Note to readers: These “installments” are posted in the roughest of draft form. My sole purpose in posting them here is to perhaps illicit from anyone comments, criticisms, editorial suggestions, grammatical errors, etc. Additionally, suggestions about voice, characterizations, and story/plot welcomed!
|Mama and Daddy, with me looking on — one of my
treasured photos of Mama laughing!
My earliest memories begin somewhere around 3 or 4 years old. Research has shown that anything earlier than this age falls victim to what is called “childhood amnesia.” As with most people, some memories are filled with delight and joy; others are not so happy. Happiest among my memories are those associated with my father — learning to ride a bike (or even a trike!), listening to music laying on my tummy flat on the floor beside daddy’s feet and the Stromberg-Carlson radio/phonograph playing one song after the other, spending time outside when he gardened, Sunday afternoon drives through the park, teaching (or trying to teach) me to fish, working for him part-time as a proofreader, and the list could go on. Each of these memories carries with it a sense of pride exhibited by him in what I was learning to do or accomplish.
Some other memories where daddy played a primary role were our infrequent summer vacation trips. Daddy took great joy in surprising us with vacations. He would come home from work on Friday afternoon and announce that tomorrow we would be leaving for a destination, and we’d be on our way the next morning. The only one not overly excited would be mama because it was such short notice to get us all packed up and ready to go.
As I think back through my childhood and youth, however, it’s difficult to find many happy moments involving my relationship with my mama. Instead those memories are tense, painful and often heartbreaking. My mama memories bear none of the positive impact that I received from my daddy. Instead, the feedback from mama was constantly negative. And that is the basis for the story I shall attempt to share – my relationship with Mama and the impact it had on both our lives.
I dreaded getting in trouble with Mama. From a very early age, I can still conjure up the emotions following one of her favorite punishments. Inflicting humiliation and dread on the object of her anger seemed to bring her great satisfaction. I hated to hear the words, “Go outside and bring back a nice long switch. And while you’re walking back make sure you pull off all the leaves. That way it will hurt more and the sting will last longer so you’ll learn from this.”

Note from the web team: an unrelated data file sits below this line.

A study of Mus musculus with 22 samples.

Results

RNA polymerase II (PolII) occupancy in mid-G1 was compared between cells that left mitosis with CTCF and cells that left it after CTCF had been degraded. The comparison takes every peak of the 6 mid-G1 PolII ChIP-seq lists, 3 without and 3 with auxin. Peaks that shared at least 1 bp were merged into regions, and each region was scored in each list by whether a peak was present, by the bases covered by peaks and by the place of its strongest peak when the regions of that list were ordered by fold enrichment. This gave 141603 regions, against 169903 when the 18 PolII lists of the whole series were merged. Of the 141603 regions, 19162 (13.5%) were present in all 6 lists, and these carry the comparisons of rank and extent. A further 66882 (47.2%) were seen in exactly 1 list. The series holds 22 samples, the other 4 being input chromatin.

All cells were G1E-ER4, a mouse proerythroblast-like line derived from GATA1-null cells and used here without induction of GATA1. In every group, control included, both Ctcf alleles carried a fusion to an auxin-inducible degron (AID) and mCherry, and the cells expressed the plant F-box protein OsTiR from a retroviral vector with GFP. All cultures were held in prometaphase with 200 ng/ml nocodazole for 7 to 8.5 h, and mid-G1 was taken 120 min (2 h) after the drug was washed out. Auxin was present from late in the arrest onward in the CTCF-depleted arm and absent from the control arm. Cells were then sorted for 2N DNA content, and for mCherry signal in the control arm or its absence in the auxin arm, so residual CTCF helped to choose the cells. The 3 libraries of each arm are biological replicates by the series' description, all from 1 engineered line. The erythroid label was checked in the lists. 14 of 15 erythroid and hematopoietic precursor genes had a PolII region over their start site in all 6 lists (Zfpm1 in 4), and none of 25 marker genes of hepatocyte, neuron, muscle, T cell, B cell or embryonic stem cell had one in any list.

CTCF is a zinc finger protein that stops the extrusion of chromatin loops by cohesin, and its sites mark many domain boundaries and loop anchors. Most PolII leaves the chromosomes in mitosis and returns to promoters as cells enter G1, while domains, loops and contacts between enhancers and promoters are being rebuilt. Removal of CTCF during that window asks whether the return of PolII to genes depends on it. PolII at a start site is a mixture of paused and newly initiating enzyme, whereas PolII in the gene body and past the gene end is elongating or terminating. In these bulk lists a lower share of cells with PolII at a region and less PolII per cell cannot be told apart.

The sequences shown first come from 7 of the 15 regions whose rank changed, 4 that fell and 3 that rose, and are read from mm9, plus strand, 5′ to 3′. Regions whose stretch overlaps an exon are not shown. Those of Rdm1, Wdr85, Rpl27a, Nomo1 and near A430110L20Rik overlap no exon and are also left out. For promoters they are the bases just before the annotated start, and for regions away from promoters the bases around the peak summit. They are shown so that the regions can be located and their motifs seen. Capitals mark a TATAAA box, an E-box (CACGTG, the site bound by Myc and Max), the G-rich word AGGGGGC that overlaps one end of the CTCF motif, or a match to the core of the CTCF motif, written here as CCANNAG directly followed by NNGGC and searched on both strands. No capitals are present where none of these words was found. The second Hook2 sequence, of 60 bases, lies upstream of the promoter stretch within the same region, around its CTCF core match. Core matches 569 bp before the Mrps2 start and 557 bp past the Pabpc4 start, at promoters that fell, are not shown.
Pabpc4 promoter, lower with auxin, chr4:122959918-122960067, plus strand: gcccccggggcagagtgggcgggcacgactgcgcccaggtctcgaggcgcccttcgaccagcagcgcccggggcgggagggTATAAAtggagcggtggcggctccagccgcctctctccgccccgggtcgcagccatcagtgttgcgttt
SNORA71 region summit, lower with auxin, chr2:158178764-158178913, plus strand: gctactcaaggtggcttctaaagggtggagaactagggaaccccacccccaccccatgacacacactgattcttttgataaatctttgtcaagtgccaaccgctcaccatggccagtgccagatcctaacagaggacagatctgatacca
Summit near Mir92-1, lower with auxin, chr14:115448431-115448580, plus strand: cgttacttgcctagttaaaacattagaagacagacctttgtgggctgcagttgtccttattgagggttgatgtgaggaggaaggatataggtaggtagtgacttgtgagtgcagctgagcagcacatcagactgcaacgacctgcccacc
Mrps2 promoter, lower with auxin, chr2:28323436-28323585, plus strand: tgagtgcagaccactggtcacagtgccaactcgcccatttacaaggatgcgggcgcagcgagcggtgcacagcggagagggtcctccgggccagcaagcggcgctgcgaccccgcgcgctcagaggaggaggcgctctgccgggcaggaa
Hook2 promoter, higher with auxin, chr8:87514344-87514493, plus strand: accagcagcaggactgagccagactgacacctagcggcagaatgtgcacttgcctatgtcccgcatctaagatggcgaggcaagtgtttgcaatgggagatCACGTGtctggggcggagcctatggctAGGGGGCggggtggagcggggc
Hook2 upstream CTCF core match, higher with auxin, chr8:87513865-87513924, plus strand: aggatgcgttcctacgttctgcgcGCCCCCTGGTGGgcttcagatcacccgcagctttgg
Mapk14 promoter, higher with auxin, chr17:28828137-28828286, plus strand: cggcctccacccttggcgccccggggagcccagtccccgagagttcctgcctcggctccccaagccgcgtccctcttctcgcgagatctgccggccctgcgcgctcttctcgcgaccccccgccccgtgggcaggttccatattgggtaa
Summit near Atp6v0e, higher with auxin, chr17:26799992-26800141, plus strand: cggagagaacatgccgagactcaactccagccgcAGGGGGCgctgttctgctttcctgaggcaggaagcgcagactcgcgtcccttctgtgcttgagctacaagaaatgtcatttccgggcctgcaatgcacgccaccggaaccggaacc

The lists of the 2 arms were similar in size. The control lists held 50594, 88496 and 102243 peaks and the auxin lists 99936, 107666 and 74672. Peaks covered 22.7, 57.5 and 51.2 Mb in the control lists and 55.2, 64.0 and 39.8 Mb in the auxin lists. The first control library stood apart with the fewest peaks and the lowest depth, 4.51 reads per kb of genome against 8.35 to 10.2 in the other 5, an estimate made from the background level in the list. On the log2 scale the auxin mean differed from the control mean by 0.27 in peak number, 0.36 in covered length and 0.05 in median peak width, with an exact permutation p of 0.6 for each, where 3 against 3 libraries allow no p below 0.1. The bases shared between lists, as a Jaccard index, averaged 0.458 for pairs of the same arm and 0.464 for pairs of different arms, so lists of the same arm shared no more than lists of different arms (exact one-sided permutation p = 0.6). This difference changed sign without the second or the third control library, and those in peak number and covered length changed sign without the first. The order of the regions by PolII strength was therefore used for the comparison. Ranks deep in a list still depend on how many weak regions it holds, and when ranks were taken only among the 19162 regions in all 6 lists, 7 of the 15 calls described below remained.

It didn’t help to cry — tears only increased her anger. And if tears were shed, there’d be another barrage of words, “I suppose you think those tears will make me feel sorry for you. Well, they won’t!” So, off I’d go to pick the tool to render my punishment and walk back to the house, tears coursing down my cheeks, while my child fingers stripped the switch bare. I could already fill its sting on my legs and back, and so I walked what seemed the longest walk cloaked in a blanket of dread for what was to come.
Soon enough I became stoic during my punishments, and sometimes I think it angered her even more that I didn’t show some fear or pain. She would then hit harder and longer with her tool – the switch, one of daddy’s belts, her bare hand or a yard stick, to name a few. Finally, if she could bring me to tears, the punishment would stop. As a child, it was hard to discern just what she wanted from me. I’m not sure that mama even knew the answer to that question.
As I grew older and began to want to do things for myself, times became more difficult. I think it’s safe to say I was a bright child but according to mama, there wasn’t anything I could do correctly. This was thrown at me when it came to brushing my hair, tying my shoes, putting on my own clothes, straightening and making my bed. It was soon obvious to me that if I thought I was bright, I must be mistaken because obviously Mama thought I was dimwitted. And weren’t parents right about everything? The humiliation of being told “I wasn’t good enough” to do certain tasks for myself began to tear down any sense of self-confidence I might have. Eventually, I accepted the fact that I was better off relating to Mama in a submissive state of mind and body. I just finally gave up.
I so desperately wanted and needed her love and affirmation that I would stretch my child limits to reach for any affirmation that I was what she wanted me to be. I firmly believe that I reached a realization that fighting against her was not in my best interests. So, I turned myself into the complacent child around 5 or 6 years old. By this time, my older brother was 19 or 20 and married and in his own home. I was the only child in the house. To avoid the infliction of her temper against me I decided to just go with the flow. This worked for a while. However, Mama figured out my ploy and soon it made no difference whether I appeared cooperative or not.